By Steven Schwartz - posted Tuesday, 15 February 2000

Let me begin by turning to the issue of enrolment. The reason that enrolment is such an ordeal is neither staff stupidity nor indolence. The vast majority of university employees are dedicated professionals who work long hours for below-average salaries. Most love their work and their institutions, and they want to see universities thrive.

The real problem is philosophical and systemic. The people who work in institutions like hotels and private hospitals operate in a competitive, market-driven environment. They know that their livelihood depends on pleasing their guests and patients and keeping them out of the hands of their competitors.

Universities are different. In an era when electricity suppliers, telephone companies, airlines, hospitals, tram companies, and even prisons are required to compete on service standards and price, higher education remains the last of the great socialist enterprises.


Here is how the Australian system works.

A small group of undergraduates, around 10 per cent, pay the full cost of their education. These fee-paying students are mainly international students although a small number are Australian. There are also post-graduate fee-paying students studying in courses such as the MBA. In either case, full-fee paying students do not receive taxpayer support.

The remaining 90 percent of undergraduates have their university education subsidised by the Commonwealth. Universities receive around $10,000 for each of these students. The Commonwealth recoups part of this funding from the students, either as an up-front payment or through a surcharge to their income tax once their income reaches $21,000 per year. In other words, students borrow the money and pay it back through their taxes.

The Commonwealth Government, after consulting universities, determines each university’s share of the subsidised undergraduate places. No matter how good they are or how weak they are, no matter whether they teach obscure courses or popular ones, no matter how well they treat students or how poorly, every university in the country receives an allocation of subsidised places. This number becomes the university’s enrolment target. The government extracts a heavy penalty from universities that fail to reach their targets, so most deliberately overshoot. The extra students are funded by the government at a low marginal rate. At present, there are so many marginally funded students at our universities, they could easily fill a new large-sized university.

Because of their prestige, location, or range of subjects, students clearly prefer some universities to others. However, because a university has only a fixed number of subsidised places, it cannot expand its intake to meet the demand. The result is that students may not be admitted to their preferred institution. Students excluded from their first choice of university, usually on the basis of their secondary school performance, try their second choice, or third choice, or even fourth choice.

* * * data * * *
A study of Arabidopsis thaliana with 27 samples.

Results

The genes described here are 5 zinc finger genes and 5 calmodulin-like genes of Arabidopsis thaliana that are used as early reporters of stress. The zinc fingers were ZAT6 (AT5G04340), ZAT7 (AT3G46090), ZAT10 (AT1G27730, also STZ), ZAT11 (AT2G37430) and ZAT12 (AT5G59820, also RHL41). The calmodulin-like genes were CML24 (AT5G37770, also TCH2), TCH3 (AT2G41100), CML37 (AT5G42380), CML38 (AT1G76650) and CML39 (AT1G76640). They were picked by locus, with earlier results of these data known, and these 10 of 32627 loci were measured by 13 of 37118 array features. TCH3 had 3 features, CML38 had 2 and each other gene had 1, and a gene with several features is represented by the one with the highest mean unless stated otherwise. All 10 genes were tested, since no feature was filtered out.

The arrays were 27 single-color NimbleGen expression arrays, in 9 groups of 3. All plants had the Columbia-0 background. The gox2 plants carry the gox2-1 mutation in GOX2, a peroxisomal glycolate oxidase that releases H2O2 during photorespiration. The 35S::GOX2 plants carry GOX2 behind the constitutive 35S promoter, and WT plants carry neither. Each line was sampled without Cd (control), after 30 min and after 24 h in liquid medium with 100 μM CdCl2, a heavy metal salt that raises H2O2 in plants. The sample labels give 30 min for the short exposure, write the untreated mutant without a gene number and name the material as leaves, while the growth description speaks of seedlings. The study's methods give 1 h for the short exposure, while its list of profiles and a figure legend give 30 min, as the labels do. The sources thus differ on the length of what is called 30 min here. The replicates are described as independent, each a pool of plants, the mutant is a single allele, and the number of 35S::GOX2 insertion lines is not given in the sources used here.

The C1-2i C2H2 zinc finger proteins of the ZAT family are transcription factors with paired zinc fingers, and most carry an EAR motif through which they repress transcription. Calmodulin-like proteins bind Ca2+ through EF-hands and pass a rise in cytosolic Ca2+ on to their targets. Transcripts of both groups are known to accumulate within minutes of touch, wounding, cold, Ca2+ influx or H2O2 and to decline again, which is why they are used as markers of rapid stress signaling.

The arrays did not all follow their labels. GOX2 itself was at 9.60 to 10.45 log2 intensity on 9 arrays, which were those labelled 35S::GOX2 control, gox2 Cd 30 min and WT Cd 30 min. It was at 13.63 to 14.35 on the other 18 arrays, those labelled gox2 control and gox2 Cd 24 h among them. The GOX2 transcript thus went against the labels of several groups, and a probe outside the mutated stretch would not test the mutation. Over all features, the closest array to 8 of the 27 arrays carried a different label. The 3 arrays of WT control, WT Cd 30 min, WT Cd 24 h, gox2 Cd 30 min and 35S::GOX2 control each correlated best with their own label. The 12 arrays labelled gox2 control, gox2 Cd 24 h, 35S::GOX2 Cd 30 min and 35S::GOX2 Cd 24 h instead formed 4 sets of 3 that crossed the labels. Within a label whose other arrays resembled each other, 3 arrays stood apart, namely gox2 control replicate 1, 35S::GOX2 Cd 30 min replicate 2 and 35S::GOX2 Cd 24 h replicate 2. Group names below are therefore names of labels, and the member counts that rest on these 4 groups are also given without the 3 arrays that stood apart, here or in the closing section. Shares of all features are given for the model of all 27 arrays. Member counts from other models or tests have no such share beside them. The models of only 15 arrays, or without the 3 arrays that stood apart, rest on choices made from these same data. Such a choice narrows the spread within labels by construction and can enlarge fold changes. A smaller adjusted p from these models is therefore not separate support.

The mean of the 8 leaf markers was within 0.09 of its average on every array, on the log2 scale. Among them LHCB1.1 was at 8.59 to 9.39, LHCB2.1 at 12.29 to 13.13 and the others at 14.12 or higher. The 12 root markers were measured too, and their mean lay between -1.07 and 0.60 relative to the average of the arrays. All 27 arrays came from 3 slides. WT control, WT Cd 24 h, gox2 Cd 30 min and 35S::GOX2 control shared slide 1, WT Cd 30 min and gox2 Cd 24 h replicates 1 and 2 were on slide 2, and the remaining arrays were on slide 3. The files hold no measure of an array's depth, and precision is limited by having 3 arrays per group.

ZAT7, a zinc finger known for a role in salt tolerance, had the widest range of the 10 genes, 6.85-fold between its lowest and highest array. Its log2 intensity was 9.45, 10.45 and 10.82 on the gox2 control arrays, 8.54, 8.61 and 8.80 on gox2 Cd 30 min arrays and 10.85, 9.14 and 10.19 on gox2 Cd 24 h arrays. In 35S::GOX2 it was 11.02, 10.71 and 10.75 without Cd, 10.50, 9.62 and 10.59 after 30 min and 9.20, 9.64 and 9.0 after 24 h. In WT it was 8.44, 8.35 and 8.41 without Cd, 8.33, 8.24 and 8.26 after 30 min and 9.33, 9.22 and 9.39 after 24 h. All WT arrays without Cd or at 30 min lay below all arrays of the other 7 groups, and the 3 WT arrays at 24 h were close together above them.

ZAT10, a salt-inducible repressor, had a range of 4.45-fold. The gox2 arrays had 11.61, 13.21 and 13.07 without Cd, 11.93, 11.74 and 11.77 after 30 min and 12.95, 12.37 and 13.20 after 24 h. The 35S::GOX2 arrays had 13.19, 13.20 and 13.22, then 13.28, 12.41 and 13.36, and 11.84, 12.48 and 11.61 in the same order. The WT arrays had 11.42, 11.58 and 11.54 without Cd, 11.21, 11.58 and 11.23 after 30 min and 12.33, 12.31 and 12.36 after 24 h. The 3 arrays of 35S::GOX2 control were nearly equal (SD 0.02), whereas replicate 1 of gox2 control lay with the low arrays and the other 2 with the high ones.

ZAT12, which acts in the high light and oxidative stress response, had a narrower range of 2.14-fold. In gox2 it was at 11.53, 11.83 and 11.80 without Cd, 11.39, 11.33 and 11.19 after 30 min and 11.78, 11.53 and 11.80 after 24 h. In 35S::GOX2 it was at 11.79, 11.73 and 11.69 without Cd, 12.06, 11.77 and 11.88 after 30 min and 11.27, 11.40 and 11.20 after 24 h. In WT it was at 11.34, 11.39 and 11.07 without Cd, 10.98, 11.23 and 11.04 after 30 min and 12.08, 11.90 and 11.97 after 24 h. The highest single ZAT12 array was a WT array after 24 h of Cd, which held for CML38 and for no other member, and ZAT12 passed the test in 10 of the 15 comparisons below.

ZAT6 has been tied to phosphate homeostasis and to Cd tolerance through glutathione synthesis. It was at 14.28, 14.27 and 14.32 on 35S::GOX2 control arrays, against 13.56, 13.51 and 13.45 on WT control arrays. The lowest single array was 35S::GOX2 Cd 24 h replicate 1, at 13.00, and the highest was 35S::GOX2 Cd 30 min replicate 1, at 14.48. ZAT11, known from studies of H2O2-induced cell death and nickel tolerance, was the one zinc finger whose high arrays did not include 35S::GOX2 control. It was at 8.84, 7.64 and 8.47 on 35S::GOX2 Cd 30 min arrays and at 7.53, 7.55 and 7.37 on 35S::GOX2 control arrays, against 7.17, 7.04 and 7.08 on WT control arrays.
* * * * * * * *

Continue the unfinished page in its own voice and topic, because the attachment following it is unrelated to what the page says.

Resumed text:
In other words, by giving each institution an enrolment limit, the government protects the less popular universities and the less popular courses. Students excluded from their preferred university wind up at a less preferred one. Because they too must meet their targets or risk penalties, the unpopular universities cannot reduce their intake in response to low demand. The result is that they may be forced to admit students who have little chance of completing their courses successfully.


Because every university has a monopoly on its share of government-funded places and because the Commonwealth decides how much students should pay (and how much of their fee should be given to universities), it is difficult for universities to think of students as customers. They are a necessary part of the higher education system, universities would be quiet without them, but they are hardly a controlling force.

So, the real reason that it takes a whole day to enrol is because students are simply bit players in a system controlled by the Commonwealth and the providers. Remember when Telecom took weeks to install a phone? Remember when bank tellers would go to lunch leaving a queue of people standing at the desk? This is how government monopolies behave. To many outsiders, and to many insiders, universities remain large public works projects with guaranteed lifetime employment.

Thus far, all attempts to change the current system by giving funding directly to students have been resisted by a coalition of academic and student unions in collaboration with an odd mixture of Labor and National politicians. But, the pressure is inexorable, and change is inevitable.



Emeritus Professor Steven Schwartz AM is the former vice-chancellor of Macquarie University (Sydney), Murdoch University (Perth), and Brunel University (London).